Low Self Esteem
Low Self Esteem
Low self-esteem is a serious condition, usually originating in childhood and manifesting itself in negative ways in adult behaviour and relationships. It is considered to be a condition in its own right rather than a consequence of other conditions and can seriously hamper interactions and communication to the detriment of both the sufferer and people they are in relationships with.
What is low self-esteem?
Low self-esteem is a thinking disorder – of thought processes which generate negative attitudes, emotions and behaviours not based on reality but on information and opinions from significant others in childhood. A person will think they are basically unworthy of positive responses from others – that they are primarily unlovable. This will then lead them, in an attempt to experience being lovable and worthy, into self-deprecating and compulsive behaviours. The view that sufferers have of themselves is distorted and unrealistic but because this is what they think and believe about themselves, they think others feel the same about them.
If they think, for example, that they are incompetent or unattractive, they will believe others see them as inadequate and aren’t attracted to them. This can result in feeling unskilled and uninteresting and so generate anxiety. Thoughts generate emotions which in turn prompt actions and behaviour. A person with low self-esteem has irrational or distorted thoughts which in turn generate irrational and distorted emotions and lead to negative and self-destructive behaviour. An example of this could be making bad choices such as staying in a damaging relationship because they believe they are unworthy of anything else.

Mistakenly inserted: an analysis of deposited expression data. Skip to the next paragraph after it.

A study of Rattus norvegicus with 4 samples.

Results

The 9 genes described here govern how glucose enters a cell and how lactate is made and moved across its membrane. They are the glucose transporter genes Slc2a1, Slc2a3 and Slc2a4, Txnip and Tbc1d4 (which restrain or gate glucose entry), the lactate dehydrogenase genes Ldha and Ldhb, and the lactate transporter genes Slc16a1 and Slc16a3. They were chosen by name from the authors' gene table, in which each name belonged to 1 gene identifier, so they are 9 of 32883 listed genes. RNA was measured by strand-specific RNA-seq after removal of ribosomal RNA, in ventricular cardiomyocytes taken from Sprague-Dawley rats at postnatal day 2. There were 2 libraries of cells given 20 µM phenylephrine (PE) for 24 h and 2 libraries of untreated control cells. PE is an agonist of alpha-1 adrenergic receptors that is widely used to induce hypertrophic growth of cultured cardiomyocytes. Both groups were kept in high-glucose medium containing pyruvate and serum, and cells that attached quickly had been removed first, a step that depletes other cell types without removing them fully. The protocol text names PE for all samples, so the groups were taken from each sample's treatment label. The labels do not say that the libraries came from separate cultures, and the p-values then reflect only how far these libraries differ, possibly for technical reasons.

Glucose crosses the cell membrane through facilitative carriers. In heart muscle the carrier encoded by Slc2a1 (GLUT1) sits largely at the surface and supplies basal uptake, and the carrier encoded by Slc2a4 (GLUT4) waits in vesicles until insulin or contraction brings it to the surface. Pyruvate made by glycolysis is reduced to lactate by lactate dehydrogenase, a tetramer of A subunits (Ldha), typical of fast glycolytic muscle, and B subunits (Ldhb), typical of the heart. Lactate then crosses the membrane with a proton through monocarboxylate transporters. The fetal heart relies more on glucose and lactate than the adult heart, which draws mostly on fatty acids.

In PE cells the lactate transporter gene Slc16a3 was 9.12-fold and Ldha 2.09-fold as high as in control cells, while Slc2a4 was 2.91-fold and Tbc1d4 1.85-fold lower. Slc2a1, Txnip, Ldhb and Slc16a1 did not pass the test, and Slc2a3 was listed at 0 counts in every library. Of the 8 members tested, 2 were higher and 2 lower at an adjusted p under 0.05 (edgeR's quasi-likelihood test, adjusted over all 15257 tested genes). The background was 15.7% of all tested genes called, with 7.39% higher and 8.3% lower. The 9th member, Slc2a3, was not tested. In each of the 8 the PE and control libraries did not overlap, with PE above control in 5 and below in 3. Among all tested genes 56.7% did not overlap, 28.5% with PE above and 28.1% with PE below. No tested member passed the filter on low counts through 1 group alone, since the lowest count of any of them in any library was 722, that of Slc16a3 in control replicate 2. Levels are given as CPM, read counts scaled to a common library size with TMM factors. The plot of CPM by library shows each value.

How do you develop low self-esteem?
This happens in early childhood if parents don’t love a child and provide them with the necessary encouragement and praise. Good parenting encourages a child to be pleased with themselves, and with what they achieve, it allows them to express opinions and feelings with acceptance and consideration and generally encourages a child to grow up with healthy self- esteem. If a child’s thoughts and feelings are met with derision and ridicule and whatever they do and achieve is not good enough, then a child may develop fear and anxiety about not being good enough – sometimes becoming a perfectionist, needy of reassurance in relationships, and unable to take risks in anticipation of failure. Low self-esteem can cause serious and life-disabling consequences.
How can counselling help?
Counselling can help by exploring where low-self-esteem developed, and why. It can help a person to recognise their thought processes and when a thought is negative or irrational, to find ways to challenge the thoughts by reality testing them and as counselling progresses, to replace them with positive ones. This can take a while, but it is possible to be freed from a distressing and life disrupting condition.
How many sessions will I need?
Everyone’s pace of recovery is different, but as this is such a long-term condition and can affect every area of a person’s life, it may take longer than other situations and great importance will be placed on the therapeutic relationship which will be built between client and counsellor.